The Photographic Journal

Inflection Point

Essay 488 • Nov 2nd 2020

This year has been a grueling one for all of us. It has sapped away at our being, our communities, our country, our patience, our very human souls. No matter what happens tomorrow, the fight is only beginning, and it very well may never end. I share these images with you both as a mea culpa, and as a shot in the arm as we all move forward into a difficult, constantly changing future.

As the pandemic was only just taking hold in America, I knew this country would fail to rise to meet this crisis with remarkable incompetence. Despite my years of urging others towards activism, to pay attention, to open their eyes, to broaden their ability to engage, this knowledge devastated and crushed me. It was as is God, Herself, crafted the perfect enemy to expertly and precisely illuminate to all the world the United State's glaring faults--to shine a light on them so bright even those most blinded by nationalism could not pretend all was well, and that America was still a nation supreme.

Exactly at the moment I should have risen up, I fell. Exactly at the moment I should have connected with others, I withdrew, Exactly at the moment I should have used my god given talents to inspire human passion unto others, I became robotic. 

After a decade of photographing people in the streets, and countless numbers of protests, some forgotten (Ferguson) and others remembered (George Floyd), the streets themselves literally called to me. No matter what my mental state was or however polluted my thoughts towards photography in the social media era had become, it was my duty to document the protests happening now, in my time, fighting for racial justice against the wishes of a racist nation. Photography is one of the few technological devices, gadgets, material *things* that truly does have a power to bring people closer rather than drive them farther apart. Please, look into the faces and the images I have captured here for you, and reflect.

Reflect on all that has changed and transpired this year. Lives lost, ideologies shattered, political narratives reshaped.

Look to those around you and try to connect with those you know and those you may not know. In the cold, stark future which we may be facing, the simplest, boldest, most revolutionary act of all is to form an unselfish, open, vulnerable bond with another human. Not a transaction. Not documented for clout, or to “inspire” others, or marked under a hashtag.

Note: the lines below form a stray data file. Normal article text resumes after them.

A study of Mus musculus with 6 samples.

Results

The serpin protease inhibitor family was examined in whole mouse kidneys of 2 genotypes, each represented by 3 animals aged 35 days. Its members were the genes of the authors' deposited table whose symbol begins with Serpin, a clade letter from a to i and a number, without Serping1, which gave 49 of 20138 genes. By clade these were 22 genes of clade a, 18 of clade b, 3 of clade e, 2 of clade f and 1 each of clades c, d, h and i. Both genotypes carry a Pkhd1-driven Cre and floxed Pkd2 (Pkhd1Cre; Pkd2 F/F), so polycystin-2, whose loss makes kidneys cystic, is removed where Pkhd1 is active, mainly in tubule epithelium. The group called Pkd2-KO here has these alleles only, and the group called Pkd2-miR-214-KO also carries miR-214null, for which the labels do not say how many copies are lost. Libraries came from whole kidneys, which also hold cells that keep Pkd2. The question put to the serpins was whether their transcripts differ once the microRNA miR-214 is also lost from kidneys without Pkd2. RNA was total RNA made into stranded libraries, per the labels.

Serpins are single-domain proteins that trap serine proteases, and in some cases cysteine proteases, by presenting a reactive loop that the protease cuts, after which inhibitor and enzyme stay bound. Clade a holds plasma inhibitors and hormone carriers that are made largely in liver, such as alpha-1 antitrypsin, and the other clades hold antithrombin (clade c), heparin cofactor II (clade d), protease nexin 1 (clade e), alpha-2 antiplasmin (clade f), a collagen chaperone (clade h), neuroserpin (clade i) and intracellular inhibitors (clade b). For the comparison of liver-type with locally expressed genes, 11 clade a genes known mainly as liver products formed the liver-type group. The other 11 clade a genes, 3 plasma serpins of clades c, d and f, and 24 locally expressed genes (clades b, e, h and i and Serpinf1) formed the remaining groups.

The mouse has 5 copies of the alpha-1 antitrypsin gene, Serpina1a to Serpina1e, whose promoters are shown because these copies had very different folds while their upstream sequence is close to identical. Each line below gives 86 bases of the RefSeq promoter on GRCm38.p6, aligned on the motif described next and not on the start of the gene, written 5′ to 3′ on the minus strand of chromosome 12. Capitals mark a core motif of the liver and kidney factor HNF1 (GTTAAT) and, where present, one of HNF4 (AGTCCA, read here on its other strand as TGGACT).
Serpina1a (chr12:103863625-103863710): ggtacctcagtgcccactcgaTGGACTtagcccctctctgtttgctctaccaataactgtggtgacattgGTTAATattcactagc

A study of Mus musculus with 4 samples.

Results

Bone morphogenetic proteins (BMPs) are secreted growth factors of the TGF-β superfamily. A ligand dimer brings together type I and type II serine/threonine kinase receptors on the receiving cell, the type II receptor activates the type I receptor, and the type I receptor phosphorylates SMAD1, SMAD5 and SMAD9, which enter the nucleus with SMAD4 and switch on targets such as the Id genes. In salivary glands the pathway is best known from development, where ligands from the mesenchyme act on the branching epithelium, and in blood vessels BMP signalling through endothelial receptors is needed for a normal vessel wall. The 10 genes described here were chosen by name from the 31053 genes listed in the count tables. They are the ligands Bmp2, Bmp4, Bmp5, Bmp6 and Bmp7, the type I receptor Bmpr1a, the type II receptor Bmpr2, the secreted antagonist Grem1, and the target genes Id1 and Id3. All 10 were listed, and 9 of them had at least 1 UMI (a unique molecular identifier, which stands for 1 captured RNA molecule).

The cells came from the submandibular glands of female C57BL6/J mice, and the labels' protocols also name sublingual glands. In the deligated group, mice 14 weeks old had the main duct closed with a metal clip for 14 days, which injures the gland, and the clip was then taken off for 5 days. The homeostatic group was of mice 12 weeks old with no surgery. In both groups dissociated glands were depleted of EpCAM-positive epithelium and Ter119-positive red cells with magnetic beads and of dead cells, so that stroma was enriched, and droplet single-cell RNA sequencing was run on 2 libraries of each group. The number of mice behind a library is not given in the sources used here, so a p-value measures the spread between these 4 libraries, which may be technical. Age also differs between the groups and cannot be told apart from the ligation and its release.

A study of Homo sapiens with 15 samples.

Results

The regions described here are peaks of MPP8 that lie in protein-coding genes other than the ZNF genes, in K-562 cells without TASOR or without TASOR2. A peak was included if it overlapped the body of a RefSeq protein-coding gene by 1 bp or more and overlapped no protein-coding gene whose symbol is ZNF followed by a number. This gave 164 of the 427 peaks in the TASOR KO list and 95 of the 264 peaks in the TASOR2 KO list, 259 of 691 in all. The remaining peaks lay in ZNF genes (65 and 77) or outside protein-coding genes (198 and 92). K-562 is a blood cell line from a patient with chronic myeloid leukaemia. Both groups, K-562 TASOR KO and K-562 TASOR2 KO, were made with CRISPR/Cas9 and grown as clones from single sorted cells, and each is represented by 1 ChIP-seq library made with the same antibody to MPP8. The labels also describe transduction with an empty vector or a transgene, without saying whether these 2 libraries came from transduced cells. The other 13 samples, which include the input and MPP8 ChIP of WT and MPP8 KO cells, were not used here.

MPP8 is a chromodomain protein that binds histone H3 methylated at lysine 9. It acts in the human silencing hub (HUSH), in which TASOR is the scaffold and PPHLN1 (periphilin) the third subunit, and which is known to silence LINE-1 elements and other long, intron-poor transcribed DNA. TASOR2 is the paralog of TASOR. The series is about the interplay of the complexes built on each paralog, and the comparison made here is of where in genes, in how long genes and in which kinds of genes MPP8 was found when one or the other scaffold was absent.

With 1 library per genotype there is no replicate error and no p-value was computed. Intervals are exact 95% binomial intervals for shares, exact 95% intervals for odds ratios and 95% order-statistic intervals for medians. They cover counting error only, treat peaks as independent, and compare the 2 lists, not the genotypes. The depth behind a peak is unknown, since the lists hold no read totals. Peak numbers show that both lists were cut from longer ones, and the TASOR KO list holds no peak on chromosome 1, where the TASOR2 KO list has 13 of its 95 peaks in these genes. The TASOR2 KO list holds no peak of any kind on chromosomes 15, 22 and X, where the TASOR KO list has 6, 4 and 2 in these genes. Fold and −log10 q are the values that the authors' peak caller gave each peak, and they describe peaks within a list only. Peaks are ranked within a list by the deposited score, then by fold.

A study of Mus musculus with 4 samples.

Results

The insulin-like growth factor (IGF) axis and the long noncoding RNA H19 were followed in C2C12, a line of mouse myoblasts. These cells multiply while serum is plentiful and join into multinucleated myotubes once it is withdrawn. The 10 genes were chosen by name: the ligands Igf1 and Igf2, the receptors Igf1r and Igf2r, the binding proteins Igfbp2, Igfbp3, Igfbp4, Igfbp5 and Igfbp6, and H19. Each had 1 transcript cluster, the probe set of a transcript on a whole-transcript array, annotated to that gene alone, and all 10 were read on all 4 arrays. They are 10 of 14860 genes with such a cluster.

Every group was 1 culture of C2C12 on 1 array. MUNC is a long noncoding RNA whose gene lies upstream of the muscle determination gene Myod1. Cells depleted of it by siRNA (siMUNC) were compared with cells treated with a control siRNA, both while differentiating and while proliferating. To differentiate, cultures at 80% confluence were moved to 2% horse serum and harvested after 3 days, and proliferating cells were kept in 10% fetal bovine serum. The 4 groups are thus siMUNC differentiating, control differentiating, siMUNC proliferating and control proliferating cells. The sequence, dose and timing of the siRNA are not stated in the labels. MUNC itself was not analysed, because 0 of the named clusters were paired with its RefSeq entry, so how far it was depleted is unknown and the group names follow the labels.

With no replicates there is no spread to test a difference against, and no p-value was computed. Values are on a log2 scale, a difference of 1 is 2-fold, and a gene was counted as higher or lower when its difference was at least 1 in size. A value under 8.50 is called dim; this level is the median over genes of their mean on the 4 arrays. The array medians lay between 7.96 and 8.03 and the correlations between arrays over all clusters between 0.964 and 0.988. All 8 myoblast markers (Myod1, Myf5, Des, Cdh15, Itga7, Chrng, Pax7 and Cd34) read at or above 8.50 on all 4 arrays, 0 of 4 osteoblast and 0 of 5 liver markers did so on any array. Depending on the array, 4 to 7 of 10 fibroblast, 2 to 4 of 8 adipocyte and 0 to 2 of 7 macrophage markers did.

Ask yourself how you can be better. Look in the mirror and ask yourself whether you are living up to YOUR own stated ideals, or simply repeating bland platitudes to keep up appearances in your social circle.

Are you engaging sincerely with politics, with the fight for racial justice, or do you have an ulterior motive? Many people, including at places I’ve formerly been employed at, have suddenly found convenience in aligning themselves and their brands alongside BlackLivesMatter in a post George Floyd world. Many people long simply to see Trump deposed so we can return the “normalcy” that was the Obama years—bank bailouts and bombing of brown children.

Ask yourself: why do you care? Is it simply a given in your mind that you must care? DO you really even care? Do you value your pride and ego over truly learning how to be a better person, a better advocate, a better ally? Are your politics beyond rebuke in your own mind? Does attending a BLM protest, chanting a BLM slogan, or reposting a BLM meme preclude you from entertaining racist ideas, having been instilled with racist dogmas? Are we truly making meaningful, effective change, or are we going to forget about this movement, this moment, this political turmoil pregnant with purpose, or are just hacking at the branches?

For us to be better—for this world to be better, we can no longer be satisfied with addressing the low hanging fruit alone. We can no longer allow our deliberately shortened attention spans to discard important causes the moment they cease to be chic. 

If you truly want to make the world a better place, I believe it starts with the man in the mirror.

Godspeed, and for the love of fucking GOD please go vote. Thanks fam.





















 

Simon Chetrit is a 31 year-old photographer, born and raised in New York, NY. Aspiring early in life to be a game designer, his life’s course quickly changed upon the purchase of his first serious camera. Ever since then, he has been obsessed with the visual language of photography, especially as it pertains to weird and obscure Japanese cameras and the ephemera of analog. Simon lives and works in Brooklyn, NY.